Mud-slinging a sign of desperation



Today Sri Lanka is facing, arguably, its worst survival crisis since independence, following the two armed JVP insurrections (1971 and 1986-90) and the long drawn armed LTTE separatism (1976-2009), both terrorist movements. A considerable number of good but ill-informed or misinformed young Sri Lankans believe the past seven decades of independence have seen nothing but a steady degradation of the country as a nation (in terms of governance, economy, and social standards, etc.) due to something intrinsically wrong with the established (political) system and the alleged depravity of all the politicians of the country having been given to corruption and abuse of power without any exception.

But the truth is that there were and there still are good honest politicians, though they have traditionally been surrounded by a host of very bad ones. See how the worst characters who were close to former president Mahinda Rajapaksa, and abused his inborn kindness and rather naive trust in them as a cover for their dishonest practices, have now decamped to the government side, and how some of them are making fake videos to sling mud at him and his brother Gotabaya.

A series of mudslinging videos due to be launched in the social media on the 14th and 15th against Gotabaya, as some Joint Opposition MPs have already forewarned, is an indication of the utter despair and frustration of his opponent’s camp. Such tactics are bound to earn the disapproval of the politically literate Sri Lankan electorate, and are ultimately counterproductive for the perpetrators. Already, a few of the bigwigs of the government have been caught red-handed and exposed through the media. Large sums of money from local or foreign sources (more likely from the latter) are suspected to have been spent on this. One can reasonably wonder what they have done other than Rajapaksa bashing for the past five years. The speakers on government campaign platforms sound as if they are the Opposition and try to absolve themselves of all wrongdoing, meanwhile transferring all blame to the Joint Opposition. Mud-slinging is usually indulged in by opposition elements against their opponents in other countries, but with the Yahapalanaya it is different.

The speeches that the UNP presidential candidate makes and the obviously impractical election promises he dangles before audiences, suggest that he has strategically forgotten that he is a powerful minister of the government with the ability to have demonstrated his credibility (if he has any and if he wants to); by actually doing something about at least some of the problems that he pledges himself to solving (like looking into what is happening at Muhudu Maha Viharaya and Kuragala, or by doing something constructive about it or by ensuring that the impoverished workers on the Upcountry tea estates get the Rs 1000 daily payment they have been demanding for so long).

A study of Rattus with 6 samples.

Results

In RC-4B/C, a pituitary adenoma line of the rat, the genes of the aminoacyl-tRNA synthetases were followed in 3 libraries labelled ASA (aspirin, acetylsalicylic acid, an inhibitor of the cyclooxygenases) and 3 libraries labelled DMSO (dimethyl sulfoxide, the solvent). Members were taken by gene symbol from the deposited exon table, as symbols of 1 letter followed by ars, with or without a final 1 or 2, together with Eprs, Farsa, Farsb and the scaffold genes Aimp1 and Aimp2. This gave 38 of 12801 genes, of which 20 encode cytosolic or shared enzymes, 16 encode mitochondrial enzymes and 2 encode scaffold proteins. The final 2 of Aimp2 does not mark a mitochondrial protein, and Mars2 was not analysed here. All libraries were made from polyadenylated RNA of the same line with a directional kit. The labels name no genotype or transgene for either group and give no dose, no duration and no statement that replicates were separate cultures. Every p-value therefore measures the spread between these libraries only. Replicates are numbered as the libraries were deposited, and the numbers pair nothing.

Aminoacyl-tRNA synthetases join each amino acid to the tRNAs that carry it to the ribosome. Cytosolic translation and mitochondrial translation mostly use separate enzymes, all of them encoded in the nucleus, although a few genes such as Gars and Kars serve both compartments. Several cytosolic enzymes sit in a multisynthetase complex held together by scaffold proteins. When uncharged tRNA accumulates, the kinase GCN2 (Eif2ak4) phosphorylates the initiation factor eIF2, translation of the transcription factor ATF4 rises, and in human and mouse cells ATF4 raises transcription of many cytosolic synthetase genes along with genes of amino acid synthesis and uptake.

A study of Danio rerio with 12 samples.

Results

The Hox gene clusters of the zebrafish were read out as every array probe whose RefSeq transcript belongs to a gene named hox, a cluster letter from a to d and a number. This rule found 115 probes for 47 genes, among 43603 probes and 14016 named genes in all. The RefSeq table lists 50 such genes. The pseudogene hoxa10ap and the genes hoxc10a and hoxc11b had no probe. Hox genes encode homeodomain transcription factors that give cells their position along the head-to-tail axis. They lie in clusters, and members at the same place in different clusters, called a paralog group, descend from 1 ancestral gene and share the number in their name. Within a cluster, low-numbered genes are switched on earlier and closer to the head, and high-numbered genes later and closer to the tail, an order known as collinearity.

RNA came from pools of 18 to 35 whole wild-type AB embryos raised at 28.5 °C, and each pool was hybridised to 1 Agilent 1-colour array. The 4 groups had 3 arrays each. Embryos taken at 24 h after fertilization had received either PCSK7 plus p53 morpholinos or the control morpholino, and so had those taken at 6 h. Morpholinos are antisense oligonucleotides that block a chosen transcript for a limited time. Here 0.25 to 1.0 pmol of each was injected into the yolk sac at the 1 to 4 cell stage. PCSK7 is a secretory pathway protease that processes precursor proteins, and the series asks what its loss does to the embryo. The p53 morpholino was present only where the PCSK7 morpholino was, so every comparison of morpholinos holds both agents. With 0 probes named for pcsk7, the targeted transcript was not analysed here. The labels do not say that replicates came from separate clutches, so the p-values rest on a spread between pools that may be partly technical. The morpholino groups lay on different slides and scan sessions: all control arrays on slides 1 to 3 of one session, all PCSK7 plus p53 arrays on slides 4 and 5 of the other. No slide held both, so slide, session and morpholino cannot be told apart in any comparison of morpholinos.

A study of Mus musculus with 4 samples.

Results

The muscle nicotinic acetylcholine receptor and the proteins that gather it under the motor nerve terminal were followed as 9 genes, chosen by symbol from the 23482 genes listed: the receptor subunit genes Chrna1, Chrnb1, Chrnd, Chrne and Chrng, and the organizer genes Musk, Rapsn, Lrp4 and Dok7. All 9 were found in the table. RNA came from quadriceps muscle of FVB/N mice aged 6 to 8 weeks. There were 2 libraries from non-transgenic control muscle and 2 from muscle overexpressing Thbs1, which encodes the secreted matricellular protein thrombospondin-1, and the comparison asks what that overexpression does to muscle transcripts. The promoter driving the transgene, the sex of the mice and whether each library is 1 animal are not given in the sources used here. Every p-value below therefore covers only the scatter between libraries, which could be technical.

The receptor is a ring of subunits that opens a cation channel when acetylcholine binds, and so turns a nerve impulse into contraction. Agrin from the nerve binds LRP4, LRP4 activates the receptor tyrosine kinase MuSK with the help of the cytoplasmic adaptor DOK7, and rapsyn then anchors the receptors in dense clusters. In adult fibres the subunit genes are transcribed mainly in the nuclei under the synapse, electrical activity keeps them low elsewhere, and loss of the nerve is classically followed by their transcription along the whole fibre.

Belittling of the country’s past achievements by his secret promoters is another mean tactic.  Sri Lanka has succeeded in introducing a number of positive changes through parliamentary democracy under both the original UNP and SLFP-led governments, the most conspicuous of these being those made in 1956, 1970, 1978, 1994 and 2009. (The regime change engineered with foreign involvement in 2015 that replaced the best performing post-independence government Sri Lanka had until then cannot be included in this list.) The negative assessment that Sri Lanka made no progress because of the depravity of politicians, therefore, is not totally valid, though superficially it may appeal to the young sections of the electorate who tend to generalize on the basis of what they have been experiencing in the name of ‘good governance’ during the past four and a half years.

That is, this most pessimistic verdict on post-independence politics up until now is largely a reaction to the Yahapalanaya, which may be described as an absolute ‘kakistocracy’ (rule by the worst people) unmatched by any government that ruled before. Paradoxically, the indiscriminate judgement might make the democratic dislodgement of the most undemocratic and corrupt administration ever in post-independence Sri Lanka more difficult than it should be in the prevailing circumstances, and it is being slyly promoted by the Yahapalanaya’s erstwhile supporters who are hellbent on preventing the patriotic forces now poised to replace it from doing so. 

Patriotic forces have a clear vision for the country and a definite plan of action, especially appealing to the tech-savvy young generation. Their concern is with the survival of the Sri Lankan state as a vibrant single entity. Their opponents are only worried about their own survival in politics. Now that the voters are wise to their pretensions, their desperation can be easily understood.